Vancouver Mayor Kennedy Stewart has called for the city to allow up to six homes on single-family lots, a year after a similar proposal was rejected by city council.
A design by MA+HG Architects showing a four-unit front building beside older single-family residents. This plan also includes a two-unit laneway building. (MA+HG Architects.)

Vancouver Mayor Kennedy Stewart has called for the city to allow up to six homes on single-family lots, a year after a similar proposal was rejected by city council.

Stewart held a news conference to outline his newest plan to allow large detached houses to be converted or redeveloped into several units that could be rented out or sold as condos.

Stewart plans to introduce the motion at a council meeting in January. Some observers noted that means the debate is likely to carry into the October 2022 municipal election campaign.

Stewart described his proposal as a “bold” move to create more sustainable, more-vibrant neighbourhoods and add affordable options for working families priced out of the housing market in recent years as successive councils failed to take decisive action.

The program would be designed to limit speculation, Stewart said, with mechanisms to “capture” the increase in land value and use those funds for priorities including social housing, child care and tackling climate change.

A draft version of Stewart’s motion describes a policy allowing up to 2,000 lots to be considered initially for these redevelopments, with “modest height increases to ensure compatibility with neighbouring buildings.”

Marianne Amodio, an architect with MA + HG Architects, told the news conference she wanted to dispel the notion that these bylaw changes would produce buildings that were large and out-of-context.

The buildings considered in such a program, Amodio said, would not necessarily look out of place on the city’s residential streets, and she showed renderings of a design for a four-unit primary building separated by a back yard from a two-unit laneway house.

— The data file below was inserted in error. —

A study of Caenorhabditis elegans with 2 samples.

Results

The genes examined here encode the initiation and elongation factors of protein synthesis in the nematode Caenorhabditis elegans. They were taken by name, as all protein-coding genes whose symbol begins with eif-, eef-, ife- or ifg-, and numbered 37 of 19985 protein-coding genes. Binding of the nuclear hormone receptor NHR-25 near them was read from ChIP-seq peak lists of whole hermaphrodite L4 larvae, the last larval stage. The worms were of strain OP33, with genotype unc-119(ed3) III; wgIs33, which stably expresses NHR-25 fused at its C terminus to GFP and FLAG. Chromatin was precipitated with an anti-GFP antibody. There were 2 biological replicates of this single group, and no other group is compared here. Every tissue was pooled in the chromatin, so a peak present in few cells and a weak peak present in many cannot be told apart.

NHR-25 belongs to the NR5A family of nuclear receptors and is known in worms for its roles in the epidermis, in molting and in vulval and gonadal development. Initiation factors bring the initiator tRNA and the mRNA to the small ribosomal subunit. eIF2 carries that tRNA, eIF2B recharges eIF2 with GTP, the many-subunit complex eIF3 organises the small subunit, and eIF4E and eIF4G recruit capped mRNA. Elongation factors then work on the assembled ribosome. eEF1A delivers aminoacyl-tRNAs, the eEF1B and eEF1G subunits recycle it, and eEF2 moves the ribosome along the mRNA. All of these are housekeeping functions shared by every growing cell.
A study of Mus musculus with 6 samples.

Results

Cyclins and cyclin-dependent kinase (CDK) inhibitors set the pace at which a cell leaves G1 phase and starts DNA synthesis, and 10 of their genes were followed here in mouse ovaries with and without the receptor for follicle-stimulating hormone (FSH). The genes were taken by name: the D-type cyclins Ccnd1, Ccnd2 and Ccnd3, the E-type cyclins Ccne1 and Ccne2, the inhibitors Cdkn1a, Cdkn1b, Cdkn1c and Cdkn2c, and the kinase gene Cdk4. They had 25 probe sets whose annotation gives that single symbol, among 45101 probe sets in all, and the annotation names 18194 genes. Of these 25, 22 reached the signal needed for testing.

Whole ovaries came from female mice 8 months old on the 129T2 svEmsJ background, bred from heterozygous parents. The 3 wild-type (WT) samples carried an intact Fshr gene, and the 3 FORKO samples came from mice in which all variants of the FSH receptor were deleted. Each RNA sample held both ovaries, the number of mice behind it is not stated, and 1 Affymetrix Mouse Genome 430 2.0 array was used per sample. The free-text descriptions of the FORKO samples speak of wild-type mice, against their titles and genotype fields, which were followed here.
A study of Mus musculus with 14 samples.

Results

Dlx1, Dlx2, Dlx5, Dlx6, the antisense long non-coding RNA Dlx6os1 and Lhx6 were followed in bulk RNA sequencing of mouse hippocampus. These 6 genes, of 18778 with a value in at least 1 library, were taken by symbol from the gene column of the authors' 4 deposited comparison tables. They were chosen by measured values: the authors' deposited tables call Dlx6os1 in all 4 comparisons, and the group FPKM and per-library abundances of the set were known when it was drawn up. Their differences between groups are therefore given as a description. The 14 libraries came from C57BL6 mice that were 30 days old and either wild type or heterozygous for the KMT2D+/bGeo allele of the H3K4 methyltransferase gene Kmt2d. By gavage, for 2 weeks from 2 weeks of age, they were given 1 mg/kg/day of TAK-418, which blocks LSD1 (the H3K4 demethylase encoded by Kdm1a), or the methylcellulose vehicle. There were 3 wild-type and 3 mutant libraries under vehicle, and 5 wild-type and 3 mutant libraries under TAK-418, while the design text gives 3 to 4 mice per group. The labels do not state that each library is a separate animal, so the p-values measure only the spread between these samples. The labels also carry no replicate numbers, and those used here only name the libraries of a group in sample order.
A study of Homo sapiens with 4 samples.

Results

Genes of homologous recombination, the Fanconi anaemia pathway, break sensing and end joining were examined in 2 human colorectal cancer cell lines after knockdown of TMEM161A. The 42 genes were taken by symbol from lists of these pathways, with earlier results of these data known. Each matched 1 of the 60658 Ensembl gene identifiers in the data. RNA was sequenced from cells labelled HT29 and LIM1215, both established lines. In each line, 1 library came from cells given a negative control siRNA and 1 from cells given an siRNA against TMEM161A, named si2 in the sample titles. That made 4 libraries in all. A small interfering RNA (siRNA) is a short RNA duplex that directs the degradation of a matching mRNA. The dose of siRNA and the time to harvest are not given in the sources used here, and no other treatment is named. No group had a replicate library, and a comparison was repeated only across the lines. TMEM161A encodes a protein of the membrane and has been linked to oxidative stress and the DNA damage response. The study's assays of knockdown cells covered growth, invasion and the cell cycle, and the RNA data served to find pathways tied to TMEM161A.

“This is not a new idea,” said Amodio.

For many years, she said, she and other architects have looked at how to add “more legal homes to exclusive zoning.”

Reporters asked Stewart why he was introducing this proposal now, after he tried a year ago to float a very similar proposal, which was not supported by council.

Stewart said he had spoken with councillors after his “dry run” last year failed to get the necessary support, and he’s optimistic his new, slightly modified proposal will succeed.

Last year, Stewart tried to introduce his six-units-on-one-lot pilot project as an amendment to another councillor’s motion. Speaking Wednesday, he said some councillors told him they didn’t support last year’s proposal because “they didn’t have a lot of time to think about it due to the nature of the way it was introduced. And that’s on me. I brought it in as an amendment to a more general motion, where I should have brought it in as a full motion, and that’s what I’m doing now.”

Before the new motion is debated in January, councillors, city staff and the public should have plenty of time to consider it, Stewart said. “Starting in 2022, that’s the choice ahead of us: Are we going to do this or not? I know where my vote is.”

Reporters asked Stewart how the timing of approving and implementing such a program might play out given the election looming on Oct. 15, 2022.

Stewart said he “hadn’t really thought about that,” drawing laughs from a few journalists in the room, before he added: “If it was before (the election), that’s fine, if it’s after, that’s fine, too. It’s really what’s good for the city.”

University of B.C. associate professor Tom Davidoff, who also appeared Wednesday to endorse the mayor’s proposal, said “it’s hard to see how this wouldn’t be a pretty key topic in the election.”

After the new conference, Davidoff said, “This is a pretty concrete example of the kind of thing that could be acceptable to a lot of people. … Debating whether we want to have absolute status quo, or this logical, incremental step seems, to me, like absolutely the right way to discuss housing in the election.”

While Stewart’s proposal is likely to be opposed by some members of the public and political opponents, Davidoff said, “it would be very wise for him to make this a wedge issue.”